The Neolithic tomb at Maeshowe is one of Orkney's most popular tourist attractions. It sits proudly in our UNESCO World Heritage Site and, last year alone, welcomed nearly twenty five thousand visitors.
They're all captivated by the long, low entrance passage and Maeshowe's beautifully constructed interior - not to mention the Viking graffiti etched into the walls by Norse intruders hundreds of years ago!
But access to the chambered cairn has always proved problematic. Historic Environment Scotland (HES) manages the site and the nearby Tormiston Mill, which houses the Maeshowe Visitor Centre. Outside is a small car park, which can be overflowing with vehicles during the busy summer months, and tourists are also required to cross a busy road to gain access to the tomb itself.
Now, though, unique plans have been brought forward that could see current restrictions lifted, and visitor numbers at the site doubled.
Orkney Islands Council has approved a planning application from HES that will see a new car park as well as an underpass built to provide safe, convenient access to Maeshowe.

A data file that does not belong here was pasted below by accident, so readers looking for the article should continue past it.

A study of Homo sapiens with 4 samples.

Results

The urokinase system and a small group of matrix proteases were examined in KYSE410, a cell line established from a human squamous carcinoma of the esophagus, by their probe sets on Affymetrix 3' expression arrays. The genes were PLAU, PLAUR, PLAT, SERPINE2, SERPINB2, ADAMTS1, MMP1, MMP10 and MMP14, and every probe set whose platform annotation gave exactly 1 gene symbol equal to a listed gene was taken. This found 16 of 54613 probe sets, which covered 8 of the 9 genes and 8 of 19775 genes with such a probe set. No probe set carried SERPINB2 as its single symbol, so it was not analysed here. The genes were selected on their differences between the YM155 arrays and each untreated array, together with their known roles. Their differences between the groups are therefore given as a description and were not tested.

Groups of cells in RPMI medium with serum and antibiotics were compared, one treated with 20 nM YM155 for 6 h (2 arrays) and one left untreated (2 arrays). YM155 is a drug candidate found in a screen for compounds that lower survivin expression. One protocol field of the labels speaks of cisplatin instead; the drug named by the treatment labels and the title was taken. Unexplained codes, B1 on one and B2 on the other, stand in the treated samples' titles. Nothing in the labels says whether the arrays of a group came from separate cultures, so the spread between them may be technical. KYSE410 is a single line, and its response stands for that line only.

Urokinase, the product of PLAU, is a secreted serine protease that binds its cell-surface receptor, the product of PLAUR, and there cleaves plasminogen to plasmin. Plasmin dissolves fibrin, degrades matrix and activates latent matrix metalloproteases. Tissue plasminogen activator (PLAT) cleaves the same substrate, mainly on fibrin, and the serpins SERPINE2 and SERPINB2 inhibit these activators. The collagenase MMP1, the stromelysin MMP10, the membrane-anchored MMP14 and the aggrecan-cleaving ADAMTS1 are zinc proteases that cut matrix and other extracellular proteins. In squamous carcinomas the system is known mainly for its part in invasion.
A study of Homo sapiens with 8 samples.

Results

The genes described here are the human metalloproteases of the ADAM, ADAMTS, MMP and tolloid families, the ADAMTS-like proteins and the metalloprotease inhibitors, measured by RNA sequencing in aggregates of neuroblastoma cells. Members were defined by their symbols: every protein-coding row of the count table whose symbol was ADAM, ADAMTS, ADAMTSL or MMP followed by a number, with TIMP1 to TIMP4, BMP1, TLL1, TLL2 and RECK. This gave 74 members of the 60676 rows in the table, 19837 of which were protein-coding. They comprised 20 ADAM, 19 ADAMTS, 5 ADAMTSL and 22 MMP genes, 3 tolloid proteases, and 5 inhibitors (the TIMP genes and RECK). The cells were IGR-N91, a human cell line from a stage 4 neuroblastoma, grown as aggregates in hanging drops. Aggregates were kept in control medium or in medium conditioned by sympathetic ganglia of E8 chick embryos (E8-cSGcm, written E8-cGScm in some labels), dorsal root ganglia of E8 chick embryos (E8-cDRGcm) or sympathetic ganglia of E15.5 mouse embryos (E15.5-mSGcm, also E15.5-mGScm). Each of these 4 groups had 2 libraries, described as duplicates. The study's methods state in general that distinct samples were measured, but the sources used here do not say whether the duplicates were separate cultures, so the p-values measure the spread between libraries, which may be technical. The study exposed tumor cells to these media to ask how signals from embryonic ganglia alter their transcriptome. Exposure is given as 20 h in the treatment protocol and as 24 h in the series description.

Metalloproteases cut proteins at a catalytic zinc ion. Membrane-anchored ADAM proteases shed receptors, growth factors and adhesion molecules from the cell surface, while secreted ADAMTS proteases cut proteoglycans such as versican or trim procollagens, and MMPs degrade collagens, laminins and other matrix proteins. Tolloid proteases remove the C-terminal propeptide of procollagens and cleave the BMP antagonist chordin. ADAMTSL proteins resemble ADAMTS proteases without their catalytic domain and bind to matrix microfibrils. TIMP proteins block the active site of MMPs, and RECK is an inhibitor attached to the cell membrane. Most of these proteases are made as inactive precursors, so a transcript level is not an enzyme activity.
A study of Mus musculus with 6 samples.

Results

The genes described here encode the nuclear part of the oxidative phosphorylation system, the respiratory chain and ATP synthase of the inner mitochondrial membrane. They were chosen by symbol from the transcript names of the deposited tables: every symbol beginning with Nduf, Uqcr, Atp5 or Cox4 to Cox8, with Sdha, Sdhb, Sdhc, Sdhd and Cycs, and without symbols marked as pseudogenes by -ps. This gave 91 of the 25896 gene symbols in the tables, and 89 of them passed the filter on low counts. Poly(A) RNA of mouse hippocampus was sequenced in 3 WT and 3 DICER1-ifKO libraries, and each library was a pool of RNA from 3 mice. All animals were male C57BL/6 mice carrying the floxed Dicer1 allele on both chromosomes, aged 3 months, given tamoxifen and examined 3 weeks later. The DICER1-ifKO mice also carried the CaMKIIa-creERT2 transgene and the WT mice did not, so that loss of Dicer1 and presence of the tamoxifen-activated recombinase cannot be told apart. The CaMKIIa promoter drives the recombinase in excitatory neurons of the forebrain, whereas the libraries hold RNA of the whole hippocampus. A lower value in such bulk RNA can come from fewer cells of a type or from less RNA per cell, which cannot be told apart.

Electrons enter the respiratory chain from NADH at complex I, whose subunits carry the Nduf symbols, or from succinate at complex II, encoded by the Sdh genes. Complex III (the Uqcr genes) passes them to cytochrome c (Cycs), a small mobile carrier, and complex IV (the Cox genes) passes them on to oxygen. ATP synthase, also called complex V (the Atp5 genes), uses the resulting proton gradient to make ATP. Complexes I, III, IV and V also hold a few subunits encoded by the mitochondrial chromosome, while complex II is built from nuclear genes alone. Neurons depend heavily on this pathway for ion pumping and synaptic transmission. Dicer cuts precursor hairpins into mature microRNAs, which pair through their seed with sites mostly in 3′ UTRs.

The larger car park will see an increase in vehicle spaces and extra coach parking facilities. The connecting underpass and a new admissions building will also help improve the experience for those visiting.
A spokesman for HES said 'Our plans, which were well received by local residents and stakeholders alike, will be a significant step forward in successfully addressing and improving the infrastructure issues that this location currently faces'.
It's hoped work on site will get underway in Spring next year, although the project planning process is still being developed.
There is still a chance to experience Maeshowe at the moment from the comfort of your own home, too. The tomb is famous for its relationship with the winter solstice - every year, on the shortest day (21st December), the setting sun shines down the entrance passage of the tomb and illuminates the back wall of the main chamber with beautiful, bright light.
Webcams hosted by local photographer Charles Tait are online now and you can see the sight for yourself every day up to, and after, the solstice. Find out more and see the phenomenon for yourself via this blog on our sister site, Orkney.com.